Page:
Boating in Canada Archive

1997 Canadian Boating News


Deadly Algae moving toward Canada

Pfiesteria piscicida is a one-celled, deadly toxin-producing algae moving up the eastern US coast, destroying fish and causing eastern waters of Chesapeake Bay to be closed to swimming, boating, and fishing. The "cell from hell", only one level below ebola virus on the biohazard scale, can cause sever symptoms like fever and skin lesions if inhaled. The Department of Fisheries and and Oceans is monitoring its progress.

Gerry Roufs' boat found

Sept/98: The Chilean Navy has retrieved pieces of the 15 metre Canadian yacht washed up on small islands near the western end of the Straits of Magellans, but no trace has been found of Gerry Roufs, skipper participating in the Vendee Globe regatta at the time, were found.

July 16, 1997: The battered boat named Groupe LG was found by a Panamanian cargo ship off the coast of Chile. The wreck was identified as Roufs' boat by a Chilean Maritime patrol plane on July 18. Chilean officials have not announced any official identification of the boat. Rouf was competing in the around-the-world solo yacht race in January when radio messages indicated he was in hurricane-force winds off the coast of Chile. His radio beacon went dead on January 8, 1997.

The "Matthew"

On June 24, 1497, Giovanni Cabbotto (aka John Cabot) arrived in the first British ship to land in Newfoundland. The 85-foot caravel Matthew, a replica ship, and her crew left Bristol, England and arrived in Bonavista Bay exactly 500 years later. They were greeted by Her Royal Highness, Queen Elizabeth II and her husband, Prince Philip. The Matthew is now visiting other North American ports. John Cabot took 6 weeks to sail to New Founde Lande. The Matthew will travel from Toronto to the east coast in spring 1998.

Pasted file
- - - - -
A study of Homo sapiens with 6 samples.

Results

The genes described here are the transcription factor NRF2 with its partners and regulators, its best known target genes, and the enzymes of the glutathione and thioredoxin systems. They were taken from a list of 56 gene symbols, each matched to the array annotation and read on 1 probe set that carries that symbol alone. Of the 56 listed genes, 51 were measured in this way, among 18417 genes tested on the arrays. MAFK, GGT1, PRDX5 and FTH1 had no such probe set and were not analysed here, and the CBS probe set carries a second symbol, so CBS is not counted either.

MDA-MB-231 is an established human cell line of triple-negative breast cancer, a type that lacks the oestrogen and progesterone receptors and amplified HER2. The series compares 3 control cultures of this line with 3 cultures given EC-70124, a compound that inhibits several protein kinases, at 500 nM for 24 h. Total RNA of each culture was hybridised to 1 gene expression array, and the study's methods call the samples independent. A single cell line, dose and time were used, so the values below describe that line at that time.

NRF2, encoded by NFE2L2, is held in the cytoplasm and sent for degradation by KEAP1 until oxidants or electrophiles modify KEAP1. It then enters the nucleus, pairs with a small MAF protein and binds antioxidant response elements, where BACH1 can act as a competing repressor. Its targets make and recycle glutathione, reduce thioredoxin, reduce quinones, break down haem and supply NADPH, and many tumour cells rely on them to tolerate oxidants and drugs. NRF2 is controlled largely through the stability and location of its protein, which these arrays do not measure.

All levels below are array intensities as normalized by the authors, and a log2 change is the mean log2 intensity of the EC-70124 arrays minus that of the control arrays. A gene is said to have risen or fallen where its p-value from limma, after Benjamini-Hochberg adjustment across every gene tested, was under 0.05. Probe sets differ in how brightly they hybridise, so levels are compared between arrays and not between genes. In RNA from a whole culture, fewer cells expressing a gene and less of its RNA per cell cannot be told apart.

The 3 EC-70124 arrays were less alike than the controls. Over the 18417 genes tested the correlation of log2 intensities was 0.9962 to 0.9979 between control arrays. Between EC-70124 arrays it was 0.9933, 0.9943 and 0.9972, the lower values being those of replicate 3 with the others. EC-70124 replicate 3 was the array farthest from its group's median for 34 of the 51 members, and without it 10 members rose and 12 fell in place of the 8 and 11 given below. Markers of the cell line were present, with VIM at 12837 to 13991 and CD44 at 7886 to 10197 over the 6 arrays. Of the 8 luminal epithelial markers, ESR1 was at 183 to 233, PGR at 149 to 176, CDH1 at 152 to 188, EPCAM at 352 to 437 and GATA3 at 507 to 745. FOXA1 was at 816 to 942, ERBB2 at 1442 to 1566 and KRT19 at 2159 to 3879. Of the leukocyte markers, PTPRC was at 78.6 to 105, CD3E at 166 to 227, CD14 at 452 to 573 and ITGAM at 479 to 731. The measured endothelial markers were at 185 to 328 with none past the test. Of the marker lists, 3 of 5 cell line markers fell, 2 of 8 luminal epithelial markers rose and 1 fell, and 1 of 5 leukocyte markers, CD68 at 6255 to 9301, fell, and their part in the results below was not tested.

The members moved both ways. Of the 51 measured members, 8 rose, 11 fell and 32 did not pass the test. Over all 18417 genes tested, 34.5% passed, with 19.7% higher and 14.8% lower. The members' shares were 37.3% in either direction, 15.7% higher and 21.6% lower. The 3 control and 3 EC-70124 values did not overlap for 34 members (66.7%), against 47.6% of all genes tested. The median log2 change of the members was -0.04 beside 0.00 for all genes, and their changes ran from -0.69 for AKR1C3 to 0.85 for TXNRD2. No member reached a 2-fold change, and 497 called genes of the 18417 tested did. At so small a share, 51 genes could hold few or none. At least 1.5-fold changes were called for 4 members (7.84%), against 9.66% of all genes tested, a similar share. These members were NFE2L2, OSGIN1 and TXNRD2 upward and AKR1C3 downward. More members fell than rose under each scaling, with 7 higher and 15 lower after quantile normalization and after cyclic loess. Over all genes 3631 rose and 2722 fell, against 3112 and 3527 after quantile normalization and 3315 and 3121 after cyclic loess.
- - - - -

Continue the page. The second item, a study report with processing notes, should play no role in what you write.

The Amara Zee, North America's first stage barge, has been cleared to set sail in Canada. The 83-foot tall ship, completed in 1996, has been classified as a pleasure ship by Transport Canada. It is now free to tour communities along the Great Lakes and its tributaries, performing plays and concerts for people on shore.

January 1997

The first electronic charts for the Great Lakes have been released. The first CD-ROM is for Georgian Bay, Lake Huron and the Trent-Severn Waterway with more to come. The entire Pacific coast is on 3 CD-ROMs. These charts can be combined with GPS and navigational software (NavTrek, The Dap'n, Laserplot). The charts are on a CD-ROM and the viewer comes with it (List price $275). The chart BSB format can be read by most chart software packages. Nautical Data International, Inc. (NDI) is authorized by Canadian Hydrographic Services (CHS).

The winter issue of "Today's Boating" contains a note about a totally portable hand-held e-mail communicator that also includes its own GPS receiver. All you need is satellite service and you're in touch with the world from anywhere!